Apparently, former FDA head David Kessler and I have something in common: chocolate chip cookies and a struggle to maintain a healthy body weight. The doc noticed he had an unreasonable attachment to chocolate chip cookies and set out to find out why. I, too, have struggled with cookie addiction. I work at a college and eat meals at the campus dining hall. I regularly find myself getting swayed by the cookie assortment. They are sugary, buttery disks of goodness (chocolate chip, oatmeal raisin, sugar cookies, white chocolate macadamia, butter toffee, chocolate white chocolate chip, M&M, etc.) and they provide the perfect end note to an otherwise drab (or even amazing) lunch. At the school where I previously worked, our office was down the hall from the cafeteria. A colleague and I regularly took a break around midafternoon for a cup of coffee and a cookie or two. Although two cookies a day may not seem like a lot, every ounce of those mid-afternoon cookies because as attached to me as I was to them; hence, a 30 lb weight gain in 18 months. It also fueled my desire to eat other foods that were carb-heavy and loaded with sugar, salt or fat. It set off cravings that were incredibly challenging to ignore.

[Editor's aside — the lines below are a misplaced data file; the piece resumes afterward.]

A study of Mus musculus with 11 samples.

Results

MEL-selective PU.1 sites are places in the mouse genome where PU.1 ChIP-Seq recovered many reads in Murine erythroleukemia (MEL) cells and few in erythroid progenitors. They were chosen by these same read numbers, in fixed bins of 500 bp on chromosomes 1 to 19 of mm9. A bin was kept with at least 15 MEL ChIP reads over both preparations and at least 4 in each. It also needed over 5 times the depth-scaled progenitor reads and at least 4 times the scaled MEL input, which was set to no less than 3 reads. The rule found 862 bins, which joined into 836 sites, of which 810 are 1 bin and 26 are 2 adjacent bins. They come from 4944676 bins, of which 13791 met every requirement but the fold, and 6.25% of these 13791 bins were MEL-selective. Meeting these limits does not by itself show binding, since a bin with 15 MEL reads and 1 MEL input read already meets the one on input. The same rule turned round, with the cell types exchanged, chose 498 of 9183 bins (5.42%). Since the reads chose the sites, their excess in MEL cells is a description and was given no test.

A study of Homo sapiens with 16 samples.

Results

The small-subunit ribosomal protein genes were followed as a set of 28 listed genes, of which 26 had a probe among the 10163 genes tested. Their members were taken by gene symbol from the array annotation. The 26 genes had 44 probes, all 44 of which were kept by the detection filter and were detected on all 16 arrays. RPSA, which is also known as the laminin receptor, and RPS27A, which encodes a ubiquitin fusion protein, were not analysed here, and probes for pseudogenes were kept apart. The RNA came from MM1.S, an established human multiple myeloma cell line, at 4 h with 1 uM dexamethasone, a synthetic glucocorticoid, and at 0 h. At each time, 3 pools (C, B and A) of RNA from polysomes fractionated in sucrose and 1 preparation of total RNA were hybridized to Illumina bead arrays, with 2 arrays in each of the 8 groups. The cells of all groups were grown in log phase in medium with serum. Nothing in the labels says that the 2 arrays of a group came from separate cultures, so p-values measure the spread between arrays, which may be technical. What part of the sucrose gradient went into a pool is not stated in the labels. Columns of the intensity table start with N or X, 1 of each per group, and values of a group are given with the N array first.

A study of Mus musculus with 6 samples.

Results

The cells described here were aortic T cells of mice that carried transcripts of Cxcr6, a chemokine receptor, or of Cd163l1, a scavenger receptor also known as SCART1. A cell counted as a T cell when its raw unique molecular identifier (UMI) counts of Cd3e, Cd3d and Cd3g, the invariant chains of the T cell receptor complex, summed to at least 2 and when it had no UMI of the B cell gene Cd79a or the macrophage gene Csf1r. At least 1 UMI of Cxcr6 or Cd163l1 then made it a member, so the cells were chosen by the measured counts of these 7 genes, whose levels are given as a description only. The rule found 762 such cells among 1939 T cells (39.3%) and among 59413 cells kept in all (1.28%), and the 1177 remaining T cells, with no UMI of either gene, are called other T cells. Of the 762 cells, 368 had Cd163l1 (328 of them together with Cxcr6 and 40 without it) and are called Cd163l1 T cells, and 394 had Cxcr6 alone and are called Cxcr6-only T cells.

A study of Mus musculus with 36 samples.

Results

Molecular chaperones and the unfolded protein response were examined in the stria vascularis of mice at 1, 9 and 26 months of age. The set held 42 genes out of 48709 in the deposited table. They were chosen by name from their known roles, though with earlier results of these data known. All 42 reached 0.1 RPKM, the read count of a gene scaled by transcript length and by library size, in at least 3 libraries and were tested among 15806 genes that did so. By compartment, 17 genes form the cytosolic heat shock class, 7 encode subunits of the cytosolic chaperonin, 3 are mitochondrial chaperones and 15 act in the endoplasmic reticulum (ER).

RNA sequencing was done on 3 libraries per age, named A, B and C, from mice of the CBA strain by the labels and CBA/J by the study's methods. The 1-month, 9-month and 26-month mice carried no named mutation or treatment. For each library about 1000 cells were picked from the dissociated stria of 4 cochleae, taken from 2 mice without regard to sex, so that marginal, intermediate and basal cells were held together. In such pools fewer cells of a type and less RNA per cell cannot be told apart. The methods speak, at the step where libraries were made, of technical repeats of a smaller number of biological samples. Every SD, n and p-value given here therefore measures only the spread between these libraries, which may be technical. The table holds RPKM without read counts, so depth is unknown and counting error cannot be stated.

Kessler investigated the addictive qualities of sugar, fat and salt and wrote about it in the book “The End of Overeating.” I still haven’t cracked open the book myself, but it’s sitting in my “to read” pile and will likely be bumped up in rank after reading this article in the New York Times Well section this week.
Here’s a thought-provoking passage from the article:
When it comes to stimulating our brains, Dr. Kessler noted, individual ingredients aren’t particularly potent. But by combining fats, sugar and salt in innumerable ways, food makers have essentially tapped into the brain’s reward system, creating a feedback loop that stimulates our desire to eat and leaves us wanting more and more even when we’re full.
Dr. Kessler isn’t convinced that food makers fully understand the neuroscience of the forces they have unleashed, but food companies certainly understand human behavior, taste preferences and desire. In fact, he offers descriptions of how restaurants and food makers manipulate ingredients to reach the aptly named “bliss point.” Foods that contain too little or too much sugar, fat or salt are either bland or overwhelming. But food scientists work hard to reach the precise point at which we derive the greatest pleasure from fat, sugar and salt.
It certainly makes me think twice about reaching for that gooey cookie and it makes sense out of the Pringles “once you pop, you can’t stop” motto.